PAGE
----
Subtle Errors When Using Dates-Part 2

It’s so easy to make make mistakes with dates. Here is another one I saw recently, this one used when doing some checks on some billable data that had been captured:

select * from sometable where somedate between ‘6/1/2011’ and ‘7/1/2011’

Nine times out of ten when you see that statement what they meant was:

select * from sometable where somedate >= ‘6/1/2011’ and < ‘7/1/2011’

It’s a difference of almost nothing in time, but it can be a huge difference in data. Dates get stored as numbers, with the date to the left of the decimal and the time to the right of the decimal. Many only want to store the date and will remove the time (no longer needed if you have access to the separate date and time data types), but even if you don’t specify a time what you’re storing includes a time of zero – midnight.

Imagine if you look at the data and see:

  1. 6/1/2011 00:00:00
  2. 6/2/2011 00:00:00
  3. 6:30/2011 00:00:00
  4. 7/1/2011 00:00:00
  5. 7/1/2011 02:00:00

The first query above that uses the between will return the first four records. The second query only returns three. It’s not much difference in time, but it can be a big difference when you care about being precise!  It’s worse than it appears because the first day of each month will get counted in two different periods if the the time is zero.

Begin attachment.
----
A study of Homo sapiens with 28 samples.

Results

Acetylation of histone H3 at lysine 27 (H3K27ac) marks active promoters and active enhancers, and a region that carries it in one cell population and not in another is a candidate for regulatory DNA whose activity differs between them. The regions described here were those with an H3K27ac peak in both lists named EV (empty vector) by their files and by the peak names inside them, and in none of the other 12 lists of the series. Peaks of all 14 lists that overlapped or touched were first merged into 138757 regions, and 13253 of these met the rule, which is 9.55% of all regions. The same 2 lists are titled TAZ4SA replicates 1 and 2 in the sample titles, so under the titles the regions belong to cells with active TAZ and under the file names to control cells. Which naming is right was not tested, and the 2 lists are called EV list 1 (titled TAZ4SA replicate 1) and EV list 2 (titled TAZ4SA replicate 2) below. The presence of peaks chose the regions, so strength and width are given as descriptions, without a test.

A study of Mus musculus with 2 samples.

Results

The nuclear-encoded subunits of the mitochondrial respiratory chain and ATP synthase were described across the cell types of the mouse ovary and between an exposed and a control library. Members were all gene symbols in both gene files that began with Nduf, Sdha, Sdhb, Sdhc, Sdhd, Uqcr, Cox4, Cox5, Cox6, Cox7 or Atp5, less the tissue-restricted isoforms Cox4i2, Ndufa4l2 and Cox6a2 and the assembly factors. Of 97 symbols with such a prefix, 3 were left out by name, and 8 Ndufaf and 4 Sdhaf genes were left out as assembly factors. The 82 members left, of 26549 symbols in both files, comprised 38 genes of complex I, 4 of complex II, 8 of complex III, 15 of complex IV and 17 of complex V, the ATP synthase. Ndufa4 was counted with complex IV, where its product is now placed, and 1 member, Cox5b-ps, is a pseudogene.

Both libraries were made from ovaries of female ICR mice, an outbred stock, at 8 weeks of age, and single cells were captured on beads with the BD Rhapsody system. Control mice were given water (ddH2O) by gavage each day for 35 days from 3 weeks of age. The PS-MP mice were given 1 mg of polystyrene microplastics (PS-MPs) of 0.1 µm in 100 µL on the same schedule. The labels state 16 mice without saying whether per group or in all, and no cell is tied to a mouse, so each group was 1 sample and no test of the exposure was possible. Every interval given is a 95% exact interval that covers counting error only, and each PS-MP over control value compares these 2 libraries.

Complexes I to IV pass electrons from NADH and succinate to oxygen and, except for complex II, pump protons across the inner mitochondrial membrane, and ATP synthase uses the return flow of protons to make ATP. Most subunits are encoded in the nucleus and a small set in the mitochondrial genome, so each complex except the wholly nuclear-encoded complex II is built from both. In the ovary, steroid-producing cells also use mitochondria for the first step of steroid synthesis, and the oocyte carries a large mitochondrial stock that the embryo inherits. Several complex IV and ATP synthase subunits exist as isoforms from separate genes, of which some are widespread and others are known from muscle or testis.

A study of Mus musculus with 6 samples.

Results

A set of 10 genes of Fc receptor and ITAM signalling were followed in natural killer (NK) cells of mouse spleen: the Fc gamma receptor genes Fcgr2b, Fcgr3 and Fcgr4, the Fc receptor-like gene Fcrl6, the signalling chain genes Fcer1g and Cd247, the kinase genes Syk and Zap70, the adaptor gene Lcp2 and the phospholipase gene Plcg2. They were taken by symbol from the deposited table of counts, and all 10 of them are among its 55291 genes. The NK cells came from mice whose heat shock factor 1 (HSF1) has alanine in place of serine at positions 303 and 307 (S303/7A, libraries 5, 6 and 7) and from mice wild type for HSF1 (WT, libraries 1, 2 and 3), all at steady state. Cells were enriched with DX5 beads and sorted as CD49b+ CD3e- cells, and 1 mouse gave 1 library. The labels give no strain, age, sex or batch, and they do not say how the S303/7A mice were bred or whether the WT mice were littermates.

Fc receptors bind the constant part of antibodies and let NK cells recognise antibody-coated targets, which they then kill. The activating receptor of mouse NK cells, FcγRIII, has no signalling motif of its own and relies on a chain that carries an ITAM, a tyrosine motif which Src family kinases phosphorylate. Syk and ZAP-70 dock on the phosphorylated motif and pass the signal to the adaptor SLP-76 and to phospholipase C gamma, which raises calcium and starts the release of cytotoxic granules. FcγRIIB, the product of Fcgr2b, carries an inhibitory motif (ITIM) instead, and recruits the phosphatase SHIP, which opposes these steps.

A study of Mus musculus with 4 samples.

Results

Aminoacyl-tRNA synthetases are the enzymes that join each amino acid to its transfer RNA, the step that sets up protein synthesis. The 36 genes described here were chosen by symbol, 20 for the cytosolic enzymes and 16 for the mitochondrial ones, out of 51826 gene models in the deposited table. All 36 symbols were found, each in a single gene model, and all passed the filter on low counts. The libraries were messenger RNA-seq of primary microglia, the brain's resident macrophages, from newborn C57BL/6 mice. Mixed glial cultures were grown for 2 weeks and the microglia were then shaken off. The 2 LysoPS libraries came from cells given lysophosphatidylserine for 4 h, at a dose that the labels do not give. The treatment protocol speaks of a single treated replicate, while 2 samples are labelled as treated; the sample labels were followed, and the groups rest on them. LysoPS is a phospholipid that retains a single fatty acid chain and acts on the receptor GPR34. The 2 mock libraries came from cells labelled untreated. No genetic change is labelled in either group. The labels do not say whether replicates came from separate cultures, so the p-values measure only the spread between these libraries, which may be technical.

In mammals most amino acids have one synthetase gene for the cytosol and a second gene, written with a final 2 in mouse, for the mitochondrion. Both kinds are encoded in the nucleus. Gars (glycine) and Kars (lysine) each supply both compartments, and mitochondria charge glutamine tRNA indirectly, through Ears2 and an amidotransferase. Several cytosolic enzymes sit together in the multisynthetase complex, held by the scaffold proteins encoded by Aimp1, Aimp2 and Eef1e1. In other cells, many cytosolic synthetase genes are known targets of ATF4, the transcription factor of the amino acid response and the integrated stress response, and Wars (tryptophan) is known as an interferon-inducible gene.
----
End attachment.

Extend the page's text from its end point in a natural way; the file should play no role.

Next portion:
Mistakes like this go unnoticed for years because the logic that is applied may be wrong, but it’s applied consistently.  It usually gets noticed when someone writes a new report and does the date range correctly, and then a client asks why is there a difference.

I wouldn’t call it a beginner error I (thought it often is) as much as I’d call it an expectation error. It seems like between should do what we want in that situation. Such are the things that bugs are made of.


Posted by bilx10 on 18 July 2011

Doesn't SQL Server use midday as the zero time rather than midnight? I have had issues with dates between excel sheets where some cells were formated as text (excel uses midnight as the zero point and formating as text converts a date to the number) and SQL Server and had to adjust the import to subtract either a 1 or a 2 from the number before casting it as a date depending on the time of day the import was done. This came to light after users picked up that there was a two day difference between some dates in the original excel sheets and database reports.

Posted by richardd on 18 July 2011

The bigger problem with this query is the date format. It's not clear whether you want data for the 6th January, or for the whole of June. You should be using a culture-invariant "YMD" format for date literals:

somedate >= '20110601' and somedate < '20110701'

Posted by Bob Barrows on 20 July 2011

@bilx10 - No, midnight is the zero time. What gets stored is the amount of time after midnight (the unit of time stored depends on which datatype is being used). Jet (Access) is similar: it stores date/times as decimal numbers, with the whole number representing the number of days since the seed date, and the fractional portion representing the time of day (0 = midnight, .5 = noon)

@SQLAndy, setting aside the invalid syntax, "where somedate >= ‘6/1/2011’ and < ‘7/1/2011’", I have to question your "nine times out of ten" estimate. I find it hard to believe that so many would have that expectation, but maybe that's because I've been doing this so long.